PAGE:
One of the hardest things about corn allergy is that nothing is safe. Because corn derivatives are often used as ingredients of ingredients, or as a part of the packaging process or even as a conveyer dressing, the consumer can not rely upon the package ingredients alone.
Before using a new product it is always a good idea to call the manufacturer and verify that it is corn free. However, simply asking if such and such contains corn is not enough. Most customer service reps are looking at the same ingredient list as you, and will in total innocence tell you that there is absolutely no corn when the list clearly states maltodextrin, citric acid, or even modified food starch. Even Doctors can look at a bottle of medicine and guarantee that there is no corn…until you point out the clearly labeled “Corn Starch” in the inactive ingredient list. (Warning, they hate it when you do that.)
You can contact most companies by either phone or e-mail. You can get contact information from packages, or do a web search from home. Many companies have their own websites.
Personally, I prefer to contact a food product manufacturer first by mail or e-mail. They seem to “get it” better if the full question is in writing.
Before contacting a manufacturer, find the list of ingredients for the product in question. Highlight the questionable ingredients. Then form your letter. My basic form letter reads something like this:
I am so excited to discover your (product name)! I have a severe corn allergy, and need to know if it contains any corn derivatives. I’m particularly concerned that there may be corn derived ascorbic acid in the fruit concentrate, or an anticaking agent such as maltodextrin in the spices. I also need to verify that you don’t use corn starch or other corn derivatives in the packaging process or as a conveyer dressing, and that the plastic package has not been precoated with corn starch.
Thank you so much for your help! I’m sure you understand how difficult it is to live with this allergy, I’m looking forward to hearing to back from you!
Of course, you would replace the above with your own pertinent information. If a company responds that they have a strict allergen program in place and that the top 8 are clearly labeled, be aware that corn is NOT on the top 8. Most of those letters are form letters, and if a company uses them (without discussing corn in particular) then you need to either respond again, thanking them for their time and asking if specifically CORN is labeled, since it isn’t considered a top allergen by the FAAN or the FDA; or call them and ask for them to please contact their suppliers for verification that the food is truly corn free. Even if they seem to check it out, there is a chance that something will slip through. That’s just the way of life with a corn allergy. But if they seem to be blowing you off and put you on the defensive for trying to protect yourself or your family, please do not even bother trying the product. As limited as our diet is, if the company is not interested in giving you facts or protecting you, their customer, they aren’t worthy of your support. And their product is definitely NOT worth risking a reaction over.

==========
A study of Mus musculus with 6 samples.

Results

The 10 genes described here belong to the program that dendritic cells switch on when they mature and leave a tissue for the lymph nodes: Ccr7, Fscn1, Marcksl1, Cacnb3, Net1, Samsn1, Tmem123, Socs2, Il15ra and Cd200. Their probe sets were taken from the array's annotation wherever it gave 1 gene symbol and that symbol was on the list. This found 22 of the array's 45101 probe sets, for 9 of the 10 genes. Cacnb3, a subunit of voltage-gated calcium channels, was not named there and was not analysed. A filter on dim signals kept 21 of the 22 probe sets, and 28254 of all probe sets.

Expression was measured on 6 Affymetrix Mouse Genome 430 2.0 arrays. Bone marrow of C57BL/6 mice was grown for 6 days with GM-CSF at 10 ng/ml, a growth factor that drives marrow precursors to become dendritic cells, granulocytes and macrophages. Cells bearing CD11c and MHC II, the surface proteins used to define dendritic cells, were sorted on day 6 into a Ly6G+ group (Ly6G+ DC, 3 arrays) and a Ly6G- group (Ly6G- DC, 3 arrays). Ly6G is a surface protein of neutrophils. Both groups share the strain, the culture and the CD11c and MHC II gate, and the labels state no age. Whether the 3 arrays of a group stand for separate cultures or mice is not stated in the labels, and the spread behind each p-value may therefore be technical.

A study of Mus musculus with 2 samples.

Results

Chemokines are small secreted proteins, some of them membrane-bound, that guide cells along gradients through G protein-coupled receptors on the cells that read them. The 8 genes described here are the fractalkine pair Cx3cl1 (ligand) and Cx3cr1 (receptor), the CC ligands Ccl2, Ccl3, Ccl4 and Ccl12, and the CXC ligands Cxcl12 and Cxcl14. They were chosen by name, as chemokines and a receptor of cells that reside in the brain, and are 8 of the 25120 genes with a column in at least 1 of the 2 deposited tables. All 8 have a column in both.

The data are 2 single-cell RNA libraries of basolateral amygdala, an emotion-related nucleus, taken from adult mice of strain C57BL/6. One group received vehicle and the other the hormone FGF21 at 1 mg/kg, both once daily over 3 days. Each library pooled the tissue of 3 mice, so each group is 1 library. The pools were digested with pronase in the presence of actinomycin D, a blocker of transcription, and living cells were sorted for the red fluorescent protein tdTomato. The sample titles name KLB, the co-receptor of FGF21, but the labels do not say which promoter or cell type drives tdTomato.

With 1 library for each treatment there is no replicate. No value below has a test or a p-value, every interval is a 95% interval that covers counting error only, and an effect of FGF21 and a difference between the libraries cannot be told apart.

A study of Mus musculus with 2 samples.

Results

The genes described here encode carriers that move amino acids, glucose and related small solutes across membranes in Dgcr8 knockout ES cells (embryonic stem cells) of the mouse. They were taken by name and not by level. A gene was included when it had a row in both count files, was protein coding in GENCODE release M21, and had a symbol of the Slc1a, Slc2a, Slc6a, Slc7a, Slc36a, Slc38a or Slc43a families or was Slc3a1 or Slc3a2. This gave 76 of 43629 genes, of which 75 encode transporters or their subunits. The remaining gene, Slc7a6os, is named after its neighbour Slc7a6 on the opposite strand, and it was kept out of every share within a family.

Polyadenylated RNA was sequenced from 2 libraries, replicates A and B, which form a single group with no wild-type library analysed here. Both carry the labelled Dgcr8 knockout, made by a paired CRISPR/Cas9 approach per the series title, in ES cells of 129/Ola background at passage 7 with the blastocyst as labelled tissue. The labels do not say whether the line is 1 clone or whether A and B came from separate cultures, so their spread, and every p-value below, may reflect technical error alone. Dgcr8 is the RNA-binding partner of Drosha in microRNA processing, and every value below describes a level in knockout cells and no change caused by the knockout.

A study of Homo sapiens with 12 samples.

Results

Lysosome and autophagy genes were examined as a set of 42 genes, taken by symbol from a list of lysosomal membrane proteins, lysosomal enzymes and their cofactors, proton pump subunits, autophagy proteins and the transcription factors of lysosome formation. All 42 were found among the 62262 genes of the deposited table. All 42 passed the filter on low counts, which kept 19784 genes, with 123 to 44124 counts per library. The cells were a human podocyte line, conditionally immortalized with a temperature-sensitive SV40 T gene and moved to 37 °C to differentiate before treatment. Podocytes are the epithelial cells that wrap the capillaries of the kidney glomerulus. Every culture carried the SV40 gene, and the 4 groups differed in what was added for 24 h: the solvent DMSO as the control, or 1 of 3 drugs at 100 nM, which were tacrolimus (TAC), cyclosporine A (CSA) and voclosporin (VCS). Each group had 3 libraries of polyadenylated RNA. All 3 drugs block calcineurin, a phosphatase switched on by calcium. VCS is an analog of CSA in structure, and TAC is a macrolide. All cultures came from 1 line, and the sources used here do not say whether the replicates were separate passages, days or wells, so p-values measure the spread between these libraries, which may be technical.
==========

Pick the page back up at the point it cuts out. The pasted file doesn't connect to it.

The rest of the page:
My doctor claims that many drug companies have lists of the source of their ingredients, and I’ve had good luck calling drug companies. It helps if you can state your doctor’s recommendation, and that your doctor told you to call first. Occasionally a pharmaceutical representative will state that they will only give that information out to a physician. I counter with “Well, my doctor doesn’t have time to research this for me.” So far I find that pharmaceutical representatives do have better access to ingredient sourcing than large food companies, but not all the customer service representatives you reach will know how to access that information. So you may need to request a manager, or ask them to put you in touch with a person who *can* answer your questions.
Living with a corn allergy sometimes feels like you’re living with a ticking bomb. There is no way to protect yourself completely from exposure to corn. All you can really do is limit your risk of exposure, and hope that by making your environment as corn free as possible, you will be better able to handle an unintentional exposure.